The browser is initially really cool. Until we begin to surf heavier pages. Then we quickly realize that it is incredibly time-consuming to both load and navigate sites. We end up picking up our smartphone instead. Also it's a bit strange that the car allows us to surf the web, pair Bluetooth devices and activate the rear view camera even when are running at a high speed. Most car manufacturers tend to block the functions for safety reasons.
The Media tab lets you tune in radio stations, analog or digital, and listen to Internet radio stations, or connect to your own device via Bluetooth or USB. The interface is neat, but unfortunately the integrated 3G-link doesn't always deliver a steady stream of digital music from the web. The sound however is absolutely amazing.
Tesla calls the sound system Ultra High Fidelity and it uses 12 built-in speakers and an 8-inch subwoofer. And the sound emanating from them is incredibly good. It is clean and clear even when we're pumping up the volume, and it's never hard on the ears. It works as well for airy acoustic music as for guitar-based rock. And it features a three-band equalizer and a really cool feature where you control the sound balance of the vehicle by sliding your finger over an image, to place the audio center exactly where you want it. Awesome!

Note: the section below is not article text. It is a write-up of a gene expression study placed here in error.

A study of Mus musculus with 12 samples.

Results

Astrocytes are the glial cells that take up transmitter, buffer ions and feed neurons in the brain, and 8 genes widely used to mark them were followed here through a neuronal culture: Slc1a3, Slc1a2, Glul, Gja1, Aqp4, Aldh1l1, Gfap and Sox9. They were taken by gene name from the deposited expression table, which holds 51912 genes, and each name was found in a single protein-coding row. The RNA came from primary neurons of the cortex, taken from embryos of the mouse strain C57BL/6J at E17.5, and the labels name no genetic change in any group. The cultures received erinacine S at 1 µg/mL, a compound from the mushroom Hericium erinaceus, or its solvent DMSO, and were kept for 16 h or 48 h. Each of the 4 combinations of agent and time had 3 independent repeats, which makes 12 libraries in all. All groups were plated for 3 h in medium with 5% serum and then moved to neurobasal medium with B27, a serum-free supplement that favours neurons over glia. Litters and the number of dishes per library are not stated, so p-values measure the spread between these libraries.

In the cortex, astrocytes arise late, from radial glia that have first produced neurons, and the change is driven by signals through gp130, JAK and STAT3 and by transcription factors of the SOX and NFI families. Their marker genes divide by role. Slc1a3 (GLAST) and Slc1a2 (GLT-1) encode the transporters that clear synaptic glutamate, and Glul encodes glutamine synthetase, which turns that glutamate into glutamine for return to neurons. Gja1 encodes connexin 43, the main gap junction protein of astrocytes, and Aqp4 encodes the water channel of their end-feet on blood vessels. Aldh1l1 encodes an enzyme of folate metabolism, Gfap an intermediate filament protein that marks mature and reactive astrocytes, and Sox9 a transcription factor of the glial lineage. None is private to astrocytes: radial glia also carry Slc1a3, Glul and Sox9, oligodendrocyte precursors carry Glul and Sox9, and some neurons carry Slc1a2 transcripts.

If you're worried that the power won't last the entire trip, there is of course a separate tab to keep track of battery consumption, and a diagram shows how efficiently you are driving.
On paper Tesla can run up to 502 kilometers on one charge, but it's a very optimistic figure. When we tried to run it as gentle as we could we still got only around 300 kilometers. Even during highway driving we found it hard to squeeze out 500 kilometers before it was time to recharge. And charging the batteries in a standard wall socket takes time -- approximately 30 hours (using a 220 volts and 13 amps outlet). In other words, be sure to get a more powerful outlet at home, if you don't already have it. A clever feature of the car is that you can time when you want the car to be recharged, and set a maximum of how many amps it can use.
If you are considering a Tesla Model S, first you should think through your driving habits. Will you be at max 250--300 kilometers per day, and do you have the appropriate charging sockets at your fingertips? Visiting distant relatives will simply require a bit more planning than before, and at least one overnight stay.